Director – Paul Solet, Screenplay – Mike Le, Producer – Ross M. Dinerstein, Photography – Zoran Popovic, Music – Austin Wintory, Visual Effects – Dreamdust VFX Studio (Supervisor – Doca Mladenovic) & Red Production (Supervisor – Milos Djukelic), Special Effects – Timothy Graham & J.D. Street, Makeup Effects – Jason Collins & Elvis Jones, Production Design – Ariana Nakata. Production Company – Preferred Film & TV.
Keir Gilchrist (Daniel Austin), Stella Maeve (Abby Fellar), Maestro Harrell (Kevin), Peter Stormare (Stokes), Grace Phipps (Mona Wilson)
Teenager Daniel Austin is confined to house arrest for having cyber-stalked Mona Wilson. He is ordered to stay away from the internet and social media for the duration of his arrest but is able to get around this with the help of his friends. He logs on only to receive a video call from Mona and watch as she commits suicide on camera. In the aftermath, staying at home on his own, Daniel starts to believe that Mona’s spirit is haunting him.
I was very impressed with Paul Solet’s feature-length directorial debut Grace (2009), an incredibly creepy film about a mother who gives birth to a baby that is born dead and proves to no longer be ‘normal’. Aside from a negligible episode of the anthology Tales of Halloween (2015), one had to wait until Dark Summer for Solet to make a follow-up film. Solet subsequently went on to make the killer dog film Bullet Head (2017) and the non-genre Clean (2020), as well as write numerous episodes of the tv series Mars (2016-8).
Based on Grace, I had high expectations for Dark Summer – except that Paul Solet fairly much fails to follow through on them. Dark Summer crept out into an unrecognised dvd release in early 2015 where it was seen by hardly anybody. I still had hopes as the film started in. There is a reasonable cast line-up, including the rising young name of Keir Gilchrist and the familiar name of Peter Stormare as Gilchrist’s social worker.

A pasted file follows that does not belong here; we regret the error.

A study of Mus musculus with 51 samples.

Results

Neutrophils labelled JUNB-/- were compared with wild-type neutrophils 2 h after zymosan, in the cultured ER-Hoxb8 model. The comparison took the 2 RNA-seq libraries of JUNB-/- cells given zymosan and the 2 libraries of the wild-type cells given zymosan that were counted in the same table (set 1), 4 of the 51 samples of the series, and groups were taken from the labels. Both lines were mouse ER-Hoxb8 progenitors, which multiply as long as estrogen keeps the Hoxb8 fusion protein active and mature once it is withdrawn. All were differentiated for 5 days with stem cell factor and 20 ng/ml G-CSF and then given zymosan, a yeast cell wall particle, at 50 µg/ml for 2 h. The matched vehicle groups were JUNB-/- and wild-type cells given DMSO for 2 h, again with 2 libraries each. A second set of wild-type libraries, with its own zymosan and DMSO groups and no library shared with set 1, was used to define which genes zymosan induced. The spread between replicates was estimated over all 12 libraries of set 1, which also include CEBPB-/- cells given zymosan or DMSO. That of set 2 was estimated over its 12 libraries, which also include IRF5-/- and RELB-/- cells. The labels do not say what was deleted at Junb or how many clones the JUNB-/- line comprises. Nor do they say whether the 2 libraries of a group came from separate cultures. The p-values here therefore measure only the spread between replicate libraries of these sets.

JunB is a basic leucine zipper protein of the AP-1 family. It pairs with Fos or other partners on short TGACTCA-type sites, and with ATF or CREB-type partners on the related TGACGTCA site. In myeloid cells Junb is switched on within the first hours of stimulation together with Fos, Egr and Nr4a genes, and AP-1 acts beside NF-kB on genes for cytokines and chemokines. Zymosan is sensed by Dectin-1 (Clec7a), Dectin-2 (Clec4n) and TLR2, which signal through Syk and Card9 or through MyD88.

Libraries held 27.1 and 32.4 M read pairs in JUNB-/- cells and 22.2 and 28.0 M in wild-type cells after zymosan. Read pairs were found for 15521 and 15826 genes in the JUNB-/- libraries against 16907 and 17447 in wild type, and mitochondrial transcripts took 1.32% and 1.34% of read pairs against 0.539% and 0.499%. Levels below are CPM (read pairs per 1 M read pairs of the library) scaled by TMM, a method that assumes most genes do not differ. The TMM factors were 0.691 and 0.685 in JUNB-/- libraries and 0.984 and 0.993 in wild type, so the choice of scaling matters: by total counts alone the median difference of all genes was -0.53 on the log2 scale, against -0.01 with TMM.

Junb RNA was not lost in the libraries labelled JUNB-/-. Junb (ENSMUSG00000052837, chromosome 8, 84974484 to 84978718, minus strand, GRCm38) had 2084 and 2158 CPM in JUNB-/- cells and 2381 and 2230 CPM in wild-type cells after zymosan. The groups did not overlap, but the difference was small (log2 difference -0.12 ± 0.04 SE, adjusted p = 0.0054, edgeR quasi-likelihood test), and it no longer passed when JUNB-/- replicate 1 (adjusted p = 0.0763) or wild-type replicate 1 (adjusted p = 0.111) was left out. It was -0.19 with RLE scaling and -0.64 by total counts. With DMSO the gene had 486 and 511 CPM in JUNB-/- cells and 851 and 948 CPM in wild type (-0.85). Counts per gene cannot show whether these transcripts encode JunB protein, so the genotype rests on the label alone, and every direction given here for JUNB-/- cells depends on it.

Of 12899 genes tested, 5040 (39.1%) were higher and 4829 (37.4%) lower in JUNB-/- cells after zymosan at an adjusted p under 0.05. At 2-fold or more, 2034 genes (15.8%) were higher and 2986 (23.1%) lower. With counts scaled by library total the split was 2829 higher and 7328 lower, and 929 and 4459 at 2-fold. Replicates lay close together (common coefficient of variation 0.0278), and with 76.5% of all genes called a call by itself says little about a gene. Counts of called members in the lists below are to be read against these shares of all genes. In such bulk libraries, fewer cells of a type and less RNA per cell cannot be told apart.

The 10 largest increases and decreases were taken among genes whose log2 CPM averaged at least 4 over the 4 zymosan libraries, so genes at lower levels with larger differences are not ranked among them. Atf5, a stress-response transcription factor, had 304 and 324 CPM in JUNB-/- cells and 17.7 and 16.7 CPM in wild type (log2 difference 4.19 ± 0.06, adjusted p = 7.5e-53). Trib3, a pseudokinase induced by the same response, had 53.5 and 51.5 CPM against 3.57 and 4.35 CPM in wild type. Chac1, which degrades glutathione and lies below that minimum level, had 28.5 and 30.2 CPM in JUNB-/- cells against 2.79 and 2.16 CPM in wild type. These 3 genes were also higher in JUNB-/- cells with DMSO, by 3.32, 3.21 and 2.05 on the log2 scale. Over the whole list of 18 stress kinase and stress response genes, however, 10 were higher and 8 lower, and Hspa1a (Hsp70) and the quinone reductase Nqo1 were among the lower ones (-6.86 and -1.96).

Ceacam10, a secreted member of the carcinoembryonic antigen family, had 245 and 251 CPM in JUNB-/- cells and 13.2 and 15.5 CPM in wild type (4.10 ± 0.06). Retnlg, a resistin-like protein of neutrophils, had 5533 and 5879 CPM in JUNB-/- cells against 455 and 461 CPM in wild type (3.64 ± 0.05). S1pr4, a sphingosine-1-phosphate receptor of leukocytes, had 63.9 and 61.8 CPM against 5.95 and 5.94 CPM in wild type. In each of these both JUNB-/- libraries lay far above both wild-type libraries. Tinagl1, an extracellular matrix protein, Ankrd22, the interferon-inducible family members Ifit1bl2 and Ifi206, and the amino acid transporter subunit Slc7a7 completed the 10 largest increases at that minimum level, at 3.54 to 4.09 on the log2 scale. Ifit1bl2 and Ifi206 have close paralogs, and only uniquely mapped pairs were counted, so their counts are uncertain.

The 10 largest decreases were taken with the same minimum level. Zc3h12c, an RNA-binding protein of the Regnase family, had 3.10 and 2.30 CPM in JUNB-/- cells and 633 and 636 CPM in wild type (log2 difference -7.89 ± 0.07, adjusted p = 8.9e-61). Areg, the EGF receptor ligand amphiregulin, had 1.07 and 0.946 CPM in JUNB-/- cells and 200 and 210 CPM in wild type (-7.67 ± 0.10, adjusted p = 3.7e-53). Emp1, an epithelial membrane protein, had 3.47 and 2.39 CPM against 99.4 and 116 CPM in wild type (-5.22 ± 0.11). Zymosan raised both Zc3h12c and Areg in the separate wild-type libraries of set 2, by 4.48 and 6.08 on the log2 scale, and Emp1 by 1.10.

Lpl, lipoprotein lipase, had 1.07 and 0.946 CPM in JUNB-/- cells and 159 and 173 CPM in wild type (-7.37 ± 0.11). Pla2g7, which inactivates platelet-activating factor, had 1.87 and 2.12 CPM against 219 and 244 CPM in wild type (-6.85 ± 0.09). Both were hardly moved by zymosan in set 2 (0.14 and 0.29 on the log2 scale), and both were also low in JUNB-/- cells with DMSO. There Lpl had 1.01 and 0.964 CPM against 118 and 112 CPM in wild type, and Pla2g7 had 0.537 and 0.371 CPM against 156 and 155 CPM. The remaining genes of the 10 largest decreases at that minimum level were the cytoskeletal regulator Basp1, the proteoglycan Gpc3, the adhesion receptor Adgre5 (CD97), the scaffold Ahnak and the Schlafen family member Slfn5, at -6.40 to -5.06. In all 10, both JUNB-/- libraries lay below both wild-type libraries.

Solet shoots in a series of tight intimate closeups, sometimes even just partial shots of someone’s face, which gives an unusual quietness and intimacy. Aided at times by a variety of songs, Solet does draw you into an undeniable mood. The crucial failing of Dark Summer though is that it is awfully weak at allowing any of this to pay off. You are given a ghost story but it is never a film that delivers anything that makes you jump in your seat. The show just disappears into the processed blandness of being a teen film you could dismiss as ‘nice’ and then forget about the moment you said that.
The other crucial thing you notice is that the film is using what has in the space of a handful of years become a well-worn theme. As is acknowledged in a line of dialogue at one point, it plays out as a supernatural version of Disturbia (2007). In that film, teenager Shia LaBoeuf was imprisoned on home detention only to discover evidence that his neighbour was a serial killer and trying to do something about it. (Although what is not acknowledged, either here or by Disturbia, is that the basic premise of that film was uncreditedly lifted from Rear Window (1954), the classic Alfred Hitchcock film).
Unfortunately for Dark Summer, the premise of the person trapped at home with a detention ankle bracelet and finding the house is haunted has been done before in recent years with Eric Red’s 100 Feet (2008) starring Famke Janssen and in a more comedic vein with the New Zealand film Housebound (2014) and subsequently with more ambiguous effect in Delirium (2018). Seeming to recognise that there is little else that can be done with the idea of the home detention ghost story, Dark Summer slips resignedly into following everything that has gone before. The only real distinction it offers to the mix is an ending that twists things on their head in an improbably contrived left field reveal.